Search - Bohren & der Club of Gore :: Geisterfaust

Bohren & der Club of Gore
Genres: Dance & Electronic, Alternative Rock, World Music, Jazz, Pop, Rock
  •  Track Listings (5) - Disc #1


Larger Image
Listen to Samples

CD Details

All Artists: Bohren & der Club of Gore
Title: Geisterfaust
Members Wishing: 2
Total Copies: 0
Label: Wonder
Release Date: 5/17/2005
Genres: Dance & Electronic, Alternative Rock, World Music, Jazz, Pop, Rock
Styles: Electronica, Indie & Lo-Fi, Europe, Continental Europe, Easy Listening
Number of Discs: 1
SwapaCD Credits: 1
UPCs: 4015698585025, 884463041004

CD Reviews

The Hand of the Ghost
Barry Dejasu | Rehoboth, Massachusetts | 06/01/2006
(5 out of 5 stars)

"An album composed of five instrumental pieces, each representing each of the five fingers of the hand. Not to mention the title of the album translates literally to "ghost fist." And this is more than appropriate - _Geisterfaust_ is that mysterious brushing of invisible fingertips along your neck as you enter an apparently empty room, chilling you into recoil, and yet haunting enough to make you explore further.

Very long, VERY slow, often repetitive, mostly driven by Christoph Closer's spacey keyboard notes. Occasionally a drum beat will vaguely suggest a rhythm is at work, and scattered bass notes from Morten Gass bring the jazz more up-front. But again, this album is SLOW - so slow, in fact, I'd warn that this album is definitely not something for impatient people, or for fans of Bohren & Der Club of Gore's "faster" stuff - which is usually very slow anyway, but nowhere near as studied and deliberate as this.

Even I was turned off by its supernaturally dragging slowness at first, but then one day I gave it another spin, and by the middle of the first (and longest) track, "Zeigefinger," I was won over completely.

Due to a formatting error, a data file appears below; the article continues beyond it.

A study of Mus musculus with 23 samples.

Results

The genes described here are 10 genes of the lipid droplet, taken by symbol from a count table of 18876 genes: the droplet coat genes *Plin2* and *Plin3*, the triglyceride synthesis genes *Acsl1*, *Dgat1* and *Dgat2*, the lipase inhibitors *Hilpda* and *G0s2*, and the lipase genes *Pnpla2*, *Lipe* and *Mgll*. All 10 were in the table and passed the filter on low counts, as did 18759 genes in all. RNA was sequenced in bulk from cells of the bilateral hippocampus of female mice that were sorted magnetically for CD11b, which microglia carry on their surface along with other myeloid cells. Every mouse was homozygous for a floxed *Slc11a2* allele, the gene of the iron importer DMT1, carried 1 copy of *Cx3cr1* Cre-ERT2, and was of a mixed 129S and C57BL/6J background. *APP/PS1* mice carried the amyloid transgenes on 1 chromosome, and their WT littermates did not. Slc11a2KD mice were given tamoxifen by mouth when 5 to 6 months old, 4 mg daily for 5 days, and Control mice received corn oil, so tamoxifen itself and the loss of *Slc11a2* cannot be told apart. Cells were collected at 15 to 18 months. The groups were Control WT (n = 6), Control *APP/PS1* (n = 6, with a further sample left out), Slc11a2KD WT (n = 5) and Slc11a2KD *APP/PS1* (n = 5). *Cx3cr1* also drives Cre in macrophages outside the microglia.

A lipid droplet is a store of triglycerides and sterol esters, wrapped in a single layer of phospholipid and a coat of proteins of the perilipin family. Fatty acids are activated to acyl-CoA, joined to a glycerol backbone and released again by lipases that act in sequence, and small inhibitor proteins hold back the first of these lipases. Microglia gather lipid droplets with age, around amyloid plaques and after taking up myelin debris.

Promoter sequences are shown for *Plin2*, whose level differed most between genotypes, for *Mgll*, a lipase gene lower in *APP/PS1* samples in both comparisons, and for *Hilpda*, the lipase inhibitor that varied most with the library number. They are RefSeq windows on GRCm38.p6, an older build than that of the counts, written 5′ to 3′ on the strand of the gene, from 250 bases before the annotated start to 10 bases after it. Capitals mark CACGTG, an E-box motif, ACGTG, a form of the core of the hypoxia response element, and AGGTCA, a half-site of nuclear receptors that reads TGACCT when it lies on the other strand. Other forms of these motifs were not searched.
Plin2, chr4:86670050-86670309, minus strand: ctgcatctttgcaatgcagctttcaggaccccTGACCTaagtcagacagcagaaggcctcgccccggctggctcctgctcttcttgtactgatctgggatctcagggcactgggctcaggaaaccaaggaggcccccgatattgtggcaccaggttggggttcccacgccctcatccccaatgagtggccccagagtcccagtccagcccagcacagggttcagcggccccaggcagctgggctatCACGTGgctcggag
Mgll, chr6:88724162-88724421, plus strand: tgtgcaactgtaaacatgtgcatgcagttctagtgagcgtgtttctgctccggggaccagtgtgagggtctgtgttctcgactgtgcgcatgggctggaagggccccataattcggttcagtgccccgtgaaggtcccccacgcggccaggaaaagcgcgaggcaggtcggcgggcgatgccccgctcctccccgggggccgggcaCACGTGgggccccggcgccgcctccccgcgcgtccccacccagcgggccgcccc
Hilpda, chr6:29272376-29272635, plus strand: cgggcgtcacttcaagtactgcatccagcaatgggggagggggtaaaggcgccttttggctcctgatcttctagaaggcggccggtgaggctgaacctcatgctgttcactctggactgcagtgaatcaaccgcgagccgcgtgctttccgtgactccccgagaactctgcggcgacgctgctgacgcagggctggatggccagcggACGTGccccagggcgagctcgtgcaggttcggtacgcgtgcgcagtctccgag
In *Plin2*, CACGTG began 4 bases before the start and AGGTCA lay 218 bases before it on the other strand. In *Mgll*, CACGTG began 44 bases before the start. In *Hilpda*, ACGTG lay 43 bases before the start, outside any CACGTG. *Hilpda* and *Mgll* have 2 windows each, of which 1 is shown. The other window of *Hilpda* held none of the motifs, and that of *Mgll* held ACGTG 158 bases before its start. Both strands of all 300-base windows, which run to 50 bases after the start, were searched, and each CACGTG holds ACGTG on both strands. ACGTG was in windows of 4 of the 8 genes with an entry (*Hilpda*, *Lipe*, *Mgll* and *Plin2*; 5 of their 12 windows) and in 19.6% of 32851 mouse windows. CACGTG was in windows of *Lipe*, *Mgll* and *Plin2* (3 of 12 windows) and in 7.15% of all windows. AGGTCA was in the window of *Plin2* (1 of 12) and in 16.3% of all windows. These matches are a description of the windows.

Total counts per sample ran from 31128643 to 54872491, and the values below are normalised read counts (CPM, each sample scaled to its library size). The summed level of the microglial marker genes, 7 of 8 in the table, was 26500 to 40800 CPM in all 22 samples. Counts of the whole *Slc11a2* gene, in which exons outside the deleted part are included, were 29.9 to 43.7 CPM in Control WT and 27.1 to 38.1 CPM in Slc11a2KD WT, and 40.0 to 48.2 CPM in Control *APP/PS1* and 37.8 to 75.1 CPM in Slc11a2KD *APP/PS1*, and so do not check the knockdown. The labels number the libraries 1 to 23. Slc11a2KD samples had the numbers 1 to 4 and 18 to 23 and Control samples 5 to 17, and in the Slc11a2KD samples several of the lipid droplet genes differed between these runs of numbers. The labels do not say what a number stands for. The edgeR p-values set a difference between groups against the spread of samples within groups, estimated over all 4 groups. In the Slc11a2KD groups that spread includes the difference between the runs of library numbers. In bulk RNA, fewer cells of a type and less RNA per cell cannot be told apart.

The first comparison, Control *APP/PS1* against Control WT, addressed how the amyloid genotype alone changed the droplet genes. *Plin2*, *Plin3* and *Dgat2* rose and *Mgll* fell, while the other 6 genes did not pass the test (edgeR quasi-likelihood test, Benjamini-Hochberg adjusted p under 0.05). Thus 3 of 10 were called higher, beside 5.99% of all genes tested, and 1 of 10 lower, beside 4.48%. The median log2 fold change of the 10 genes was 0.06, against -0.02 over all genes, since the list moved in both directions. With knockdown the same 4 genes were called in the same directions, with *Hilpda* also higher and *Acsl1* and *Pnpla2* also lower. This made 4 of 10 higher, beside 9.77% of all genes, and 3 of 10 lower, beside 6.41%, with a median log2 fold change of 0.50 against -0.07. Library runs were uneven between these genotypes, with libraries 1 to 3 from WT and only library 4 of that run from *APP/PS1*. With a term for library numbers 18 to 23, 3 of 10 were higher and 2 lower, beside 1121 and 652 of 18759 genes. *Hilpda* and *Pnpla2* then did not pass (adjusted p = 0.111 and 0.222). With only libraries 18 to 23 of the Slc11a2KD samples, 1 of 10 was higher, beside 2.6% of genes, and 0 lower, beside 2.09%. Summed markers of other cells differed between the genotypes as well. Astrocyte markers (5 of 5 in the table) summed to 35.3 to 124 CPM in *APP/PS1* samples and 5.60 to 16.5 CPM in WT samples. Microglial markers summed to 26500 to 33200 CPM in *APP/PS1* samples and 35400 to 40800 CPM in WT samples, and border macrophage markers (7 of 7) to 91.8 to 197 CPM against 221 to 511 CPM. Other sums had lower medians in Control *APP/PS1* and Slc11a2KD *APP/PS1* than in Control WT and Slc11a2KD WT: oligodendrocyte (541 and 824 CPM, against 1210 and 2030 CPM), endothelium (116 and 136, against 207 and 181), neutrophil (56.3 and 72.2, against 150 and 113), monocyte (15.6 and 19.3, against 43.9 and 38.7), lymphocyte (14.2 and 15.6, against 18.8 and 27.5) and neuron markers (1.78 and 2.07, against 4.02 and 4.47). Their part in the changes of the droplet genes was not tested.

This isn't a good album to start getting into Der Club. For that I'd recommend _Sunset Mission_ or _Black Earth_. But once you're ready for it, a good hour of your time, a bit of attention, and a little patience may be all it takes for your mind to drift into the seductive spirits of _Geisterfaust_."
Excessive lack of excess
IRate | 01/25/2009
(3 out of 5 stars)

"About as minimal as jazz, or any other genre for that matter gets, the beautifully bleak trio's concept disc stretches the notoriously slow group's lurching ambiguity even thinner. A majority of time almost feels like darkened tone poems instead of bona fide compositions, making the first and last tracks more memorable in between one heck of a hazy center. The sustained tension wears a little thin when there is hardly anything to support actual tension, but, especially a whole, the album still does not disappoint."
Finding the ghost
Noel Pratt | Washington, D.C., and better places | 09/14/2008
(5 out of 5 stars)

"Here we have an album that causes one to wonder, "Why have I never heard this kind of music before?" And it seems the usefulness of this music will last me the rest of my life. Bohren plays with space, but moreso with attention. Listening to any of these five pieces is to have your attention stretched as if it were taffy. Take the bass notes and percussive whispers the reviewer below speaks of: between these notes, these sounds, you do not get lost. You do not "fall asleep." It's more as if you are slowly waking up. The attention is held...held...until the next soul-softening note. The band is patient with you, rewarding you doubly for any attention you give it. And why is this special? Perhaps because during the stretches there is no *expectation* to ruin the experience. It is that slow -- and yet something is happening nonetheless! Listen to it, you'll see. Also seek out their earlier album MIDNIGHT RADIO. Some think of Bohren & the Club as dark music. Well, it really isn't. It is infinitely soothing, instead. To call forth descriptors such as "death-lounge" or "dark jazz" (although they leave out any sax here except for a brief part at the end) is more a defilement. So I tried to summon an image, and what I came up with was that of soft, ashen snow, driven by no wind. Many people want to get lost in music, or in a soundscape. A valid desire. For that, one can indulge the fiery frenetics of John Coltrane's DEAR OLD STOCKHOLM or a hundred other works. But in this troubled world, FINDING oneself in the midst of the gentle, infinite equanimity that is GEISTERFAUST is something for which to be grateful. For "when the music's [almost] over," what is there is you."